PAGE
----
Lee Wei Ling said on Friday (1 April) that she will no longer write for the Singapore Press Holdings due to what she claimed were editorial curbs, after she spoke out last week against the “hero worship” of her late father and Singapore’s first prime minister Lee Kuan Yew on his death anniversary.
In a succinct post on her Facebook page, Lee said, “I will no longer write for SPH as the editors there do not allow me freedom of speech. In fact, that was the reason why I posted the article on LKY would not want to be hero-worshipped.”
Minutes later, she followed up with a separate post, saying, “The next time I have anything to post, it will be open to public.”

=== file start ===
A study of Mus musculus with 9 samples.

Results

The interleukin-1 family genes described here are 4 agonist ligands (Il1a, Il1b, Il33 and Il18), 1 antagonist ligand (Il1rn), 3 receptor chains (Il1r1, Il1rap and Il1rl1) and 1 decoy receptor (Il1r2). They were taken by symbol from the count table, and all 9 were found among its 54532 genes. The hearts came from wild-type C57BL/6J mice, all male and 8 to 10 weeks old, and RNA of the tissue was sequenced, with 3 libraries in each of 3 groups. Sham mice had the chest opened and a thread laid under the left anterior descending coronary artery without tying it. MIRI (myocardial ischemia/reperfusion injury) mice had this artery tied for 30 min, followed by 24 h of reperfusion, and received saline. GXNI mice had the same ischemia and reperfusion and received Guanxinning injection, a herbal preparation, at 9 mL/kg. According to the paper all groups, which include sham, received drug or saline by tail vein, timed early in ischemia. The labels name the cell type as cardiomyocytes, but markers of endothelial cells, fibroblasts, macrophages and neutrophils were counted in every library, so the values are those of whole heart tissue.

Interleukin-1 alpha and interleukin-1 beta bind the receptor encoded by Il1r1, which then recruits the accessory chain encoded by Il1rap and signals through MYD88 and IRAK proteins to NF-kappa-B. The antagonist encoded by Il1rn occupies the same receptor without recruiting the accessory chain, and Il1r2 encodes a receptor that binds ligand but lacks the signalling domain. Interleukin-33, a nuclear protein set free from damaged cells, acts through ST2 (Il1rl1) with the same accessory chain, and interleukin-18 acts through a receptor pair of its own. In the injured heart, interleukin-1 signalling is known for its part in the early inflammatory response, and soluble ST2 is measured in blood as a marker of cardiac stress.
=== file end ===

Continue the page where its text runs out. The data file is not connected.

The senior advisor at the National Neuroscience Institute had previously written a number of commentaries for The Straits Times newspaper over the years.
On 25 March, Lee wrote a lengthy post on her Facebook page saying that her father would have objected to the extensive commemoration activities that were held in the run-up to his death anniversary. The elder Lee died on 23 March last year at the age of 91.
Lee was prompted to write the post after seeing a front-page article in The Straits Times on 21 March, which “carried a photo of an outline of Papa’s face made with 4,877 erasers that form an installation… titled Our Father, Our Country, Our Flag”.
While the installation was a “well-meaning effort”, Lee said it made her “wince”. Making reference to her first visit to China with her father in 1976, Lee added that her father was “dead set against a personality cult”.
The Straits Times, which dedicated 11 pages to mark the death anniversary, referenced the post when reporters brought it up with Emeritus Senior Minister Goh Chok Tong during a remembrance event to mark the elder Lee’s passing.